The tour of old Jerusalem done, Bishara saw us back to our bus – like a courteous uncle – where Angela Godfrey- Goldstein was waiting.
‘Jewish father, Catholic mother. Came to Israel because of a man, as you do.’ Angela was a middle-aged woman with hennaed hair. She spoke with an English accent which occasionally betrayed the fact that she had spent years in the Middle East. Living in Israel, she had accepted life as it was. After some years she ditched the Israeli husband and spent time living with the Bedouin in the Sinai. It was then, she told us, that she began to question the status quo. She now worked with the Israeli Commission against House Demolitions. Angela was our tour guide for the rest of the day.
The Israeli settlement of Ma’ale Adumim has a population of thirty thousand people. Modern buildings are laid out in neat streets. Some are multi-storey. White paint glares. Cream stones sit cosy and comfortable with their neighbours. Windows gleam. The roads are smooth, the kerbs are well kept. There are flowers planted in every public space, and lush growth in the gardens. There are many sprinklers. There are fountains with inanimate doves welded onto them. In May 2008, the flowerbeds looked like Dublin’s St Stephen’s Green when the annuals have been planted – reds bedded in beside oranges and pinks. In the hot afternoon the water mist melted into heat haze around Jerusalem. The place resembled the idealised towns in 1950s American movies.
Ma’ale Adumim is constructed order, sitting in opposition to the nearby scrubby hills. It is built on confiscated Palestinian land, lying just seven kilometres from Jerusalem. Ma’ale Adumim has its own link road into the city. Considered an illegal settlement under international law, it is just one of the settlements which are gradually encroaching on, and encircling, Jerusalem. Planned extensions will result in the division of the West Bank. A combined policy of deletion and exclusion is forcing Palestinian communities out of East Jerusalem, beyond the city boundaries. Settlements and gerrymandering enable the Israeli goal – majority occupation and control of Jerusalem.
We traveled around the western and south western fringes of Jerusalem, through valleys and patches of barren land, until the bus pulled in to a high area of flattened scrubland. Dismounting, we walked to the edge of the site and looked across to the city, and the settlements. Angela was pointing out various settlements to us when a group of people arrived in two cars, got out and stood in front of us. They appeared to be having some sort of discussion. We were curious, but waited until we were alone again to voice our questions. Angela thought they were prospective buyers – a new development was being built on this plot. The land immediately below us had been taken from a Palestinian family. They were told it would be a park. Now it was destined, with more parkland, to become chic new housing. In many cases the buyers would be rich Americans looking for holiday homes with views of the holy city of Jerusalem. This was the second time we had heard of land being redesignated. On a trip to Herodian with Ra’fat he had told us about land being deemed ‘of archaeological interest’ and taken from its owners. At Herodian we had also seen a small settlement, and the beginnings of a new one.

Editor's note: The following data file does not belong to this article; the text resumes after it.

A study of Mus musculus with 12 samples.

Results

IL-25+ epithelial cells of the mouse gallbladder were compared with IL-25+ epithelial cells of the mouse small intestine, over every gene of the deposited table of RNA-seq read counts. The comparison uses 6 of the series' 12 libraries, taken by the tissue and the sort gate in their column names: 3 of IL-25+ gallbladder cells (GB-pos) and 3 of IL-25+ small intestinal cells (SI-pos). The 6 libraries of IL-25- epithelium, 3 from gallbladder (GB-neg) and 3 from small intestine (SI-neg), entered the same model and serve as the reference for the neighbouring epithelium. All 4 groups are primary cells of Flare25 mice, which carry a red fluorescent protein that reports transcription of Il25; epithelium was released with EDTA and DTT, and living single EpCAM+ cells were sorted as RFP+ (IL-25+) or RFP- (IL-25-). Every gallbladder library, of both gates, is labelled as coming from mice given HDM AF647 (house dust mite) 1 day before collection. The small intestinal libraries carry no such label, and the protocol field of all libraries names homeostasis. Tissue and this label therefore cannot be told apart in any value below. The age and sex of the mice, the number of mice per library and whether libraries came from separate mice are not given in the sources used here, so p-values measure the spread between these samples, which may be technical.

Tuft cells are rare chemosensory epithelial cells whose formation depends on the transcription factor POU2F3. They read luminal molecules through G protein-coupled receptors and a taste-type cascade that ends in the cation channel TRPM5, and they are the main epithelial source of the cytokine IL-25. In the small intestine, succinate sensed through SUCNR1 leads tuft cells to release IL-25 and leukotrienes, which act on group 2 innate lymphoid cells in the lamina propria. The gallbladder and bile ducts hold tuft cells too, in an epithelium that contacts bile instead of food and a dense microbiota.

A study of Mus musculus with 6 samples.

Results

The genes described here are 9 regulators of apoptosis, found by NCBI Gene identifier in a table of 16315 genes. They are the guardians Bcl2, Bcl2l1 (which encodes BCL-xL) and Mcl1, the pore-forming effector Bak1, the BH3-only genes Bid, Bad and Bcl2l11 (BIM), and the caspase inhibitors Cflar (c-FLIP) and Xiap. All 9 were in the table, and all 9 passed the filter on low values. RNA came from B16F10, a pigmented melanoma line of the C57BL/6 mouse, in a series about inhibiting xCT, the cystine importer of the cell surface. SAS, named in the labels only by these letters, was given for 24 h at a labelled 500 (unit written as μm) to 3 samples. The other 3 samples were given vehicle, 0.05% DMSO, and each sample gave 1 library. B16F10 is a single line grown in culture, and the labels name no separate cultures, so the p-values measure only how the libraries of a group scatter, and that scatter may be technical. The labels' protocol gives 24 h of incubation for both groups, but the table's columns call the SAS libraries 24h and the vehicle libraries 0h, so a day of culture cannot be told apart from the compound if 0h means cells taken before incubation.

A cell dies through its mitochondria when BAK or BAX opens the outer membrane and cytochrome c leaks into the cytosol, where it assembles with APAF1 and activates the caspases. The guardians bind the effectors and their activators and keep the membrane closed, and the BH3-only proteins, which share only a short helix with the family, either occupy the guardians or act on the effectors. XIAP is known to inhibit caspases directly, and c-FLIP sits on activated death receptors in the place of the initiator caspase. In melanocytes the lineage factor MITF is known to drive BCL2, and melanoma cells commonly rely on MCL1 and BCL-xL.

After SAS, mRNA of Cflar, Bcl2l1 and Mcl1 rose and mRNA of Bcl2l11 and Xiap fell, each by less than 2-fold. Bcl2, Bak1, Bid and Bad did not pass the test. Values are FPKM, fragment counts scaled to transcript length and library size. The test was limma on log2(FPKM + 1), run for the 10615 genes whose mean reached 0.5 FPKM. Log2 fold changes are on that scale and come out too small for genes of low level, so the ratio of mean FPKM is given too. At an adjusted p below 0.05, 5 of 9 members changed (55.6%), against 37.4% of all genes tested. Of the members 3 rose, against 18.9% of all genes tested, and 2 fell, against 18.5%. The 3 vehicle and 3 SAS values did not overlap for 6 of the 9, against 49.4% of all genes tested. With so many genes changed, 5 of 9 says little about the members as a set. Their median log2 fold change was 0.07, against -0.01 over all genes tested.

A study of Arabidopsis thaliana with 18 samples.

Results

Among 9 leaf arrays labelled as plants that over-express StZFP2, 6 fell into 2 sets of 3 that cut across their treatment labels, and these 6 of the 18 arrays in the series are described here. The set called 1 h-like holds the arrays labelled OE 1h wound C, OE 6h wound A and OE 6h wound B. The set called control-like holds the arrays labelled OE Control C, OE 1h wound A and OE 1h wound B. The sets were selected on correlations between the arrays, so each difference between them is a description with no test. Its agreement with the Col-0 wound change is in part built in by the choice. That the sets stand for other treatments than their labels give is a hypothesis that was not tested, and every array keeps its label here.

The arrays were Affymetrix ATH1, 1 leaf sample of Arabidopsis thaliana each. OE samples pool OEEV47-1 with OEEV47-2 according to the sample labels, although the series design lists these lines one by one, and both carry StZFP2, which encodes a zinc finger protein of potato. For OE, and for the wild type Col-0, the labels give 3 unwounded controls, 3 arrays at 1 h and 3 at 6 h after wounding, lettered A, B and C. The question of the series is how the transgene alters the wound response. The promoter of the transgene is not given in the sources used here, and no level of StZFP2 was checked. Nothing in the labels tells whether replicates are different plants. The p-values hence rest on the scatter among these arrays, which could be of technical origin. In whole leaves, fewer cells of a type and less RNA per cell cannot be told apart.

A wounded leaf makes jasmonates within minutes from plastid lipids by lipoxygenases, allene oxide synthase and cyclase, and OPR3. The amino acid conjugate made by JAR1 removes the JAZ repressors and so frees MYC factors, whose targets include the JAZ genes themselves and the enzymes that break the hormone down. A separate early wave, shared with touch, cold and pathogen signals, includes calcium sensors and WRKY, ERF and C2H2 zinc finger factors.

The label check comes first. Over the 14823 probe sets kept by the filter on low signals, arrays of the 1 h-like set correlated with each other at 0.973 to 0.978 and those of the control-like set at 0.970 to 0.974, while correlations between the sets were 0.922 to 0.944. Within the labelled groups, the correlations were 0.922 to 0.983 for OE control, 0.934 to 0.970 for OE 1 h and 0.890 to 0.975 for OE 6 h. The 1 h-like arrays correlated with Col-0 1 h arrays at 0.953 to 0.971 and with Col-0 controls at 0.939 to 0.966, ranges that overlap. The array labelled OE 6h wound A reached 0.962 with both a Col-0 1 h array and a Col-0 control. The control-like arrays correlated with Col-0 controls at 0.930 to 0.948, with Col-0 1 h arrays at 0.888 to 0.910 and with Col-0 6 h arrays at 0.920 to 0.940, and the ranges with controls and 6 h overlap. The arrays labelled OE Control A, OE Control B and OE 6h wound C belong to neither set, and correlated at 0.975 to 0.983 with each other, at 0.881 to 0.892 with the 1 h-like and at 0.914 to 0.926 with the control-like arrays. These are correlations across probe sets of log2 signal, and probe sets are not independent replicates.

Sometimes paper companies are used, and Palestinians think they have sold their property to someone else. When it emerges that settlers are the new owners, a Palestinian family may find itself ostracised by the community, through no fault of their own. The ICAHD have rebuilt some demolished homes with international assistance, only to find them bulldozed again and again. Some homes are destroyed because they are too close to settlers’ roads, with the result that rural Palestinians are unable to live near, or access, their olive groves or vineyards.
Angela related one documented case of a Jewish-American doctor who has spent millions of dollars supporting the building of settlements. That hot May day, as we continued on Angela’s settlement tour, such a story was credible. A later visit to the offices of B’Tselem, the Israeli Civil Rights group, confirmed the depressing situation. ‘Official’ and illegal settlements pockmark the map of the West Bank, new municipal boundaries surround Jerusalem in a broken black line and everywhere State ‘Parks’ are blocks of colour on the sandy shaded Palestinian territory.
Really, when I thought about it, there had to be a little leaflet somewhere. A leaflet left in a cupboard – you never know when you might need it again – a bit grubby, like a delivery slip from a builders’ yard. A leaflet with instructions for Your Very Own DIY Settlement. As we drove on I wrote it up in my head. White paper. Blue print. Arial font. First step, acquire your land. This may involve a bit of land grabbing. It helps to be righteous. Using the Bible and archaeology as precedents is a good move.
Creative mapping and boundary changes are indispensable. Placing something as small as a transmitter on the land legitimises authority and ownership – but getting in security is always a winner. Security means people, and they need a place to live. Those security guys and their families will need water and sewage. By now you’ve got a small settlement. Kids need schools. Build a school. If you build it, they will come. Before you know it, your settlement has got streets and lighting, and flowerbeds with sprinklers. And nice fountains.
Fury built silently as we whizzed around Jerusalem in our little bus, heads moving from side to side like spectators at a crazy tennis match. It reached its apotheosis when, towards the end of the tour, we drove by a Tolerance Park – built on confiscated land.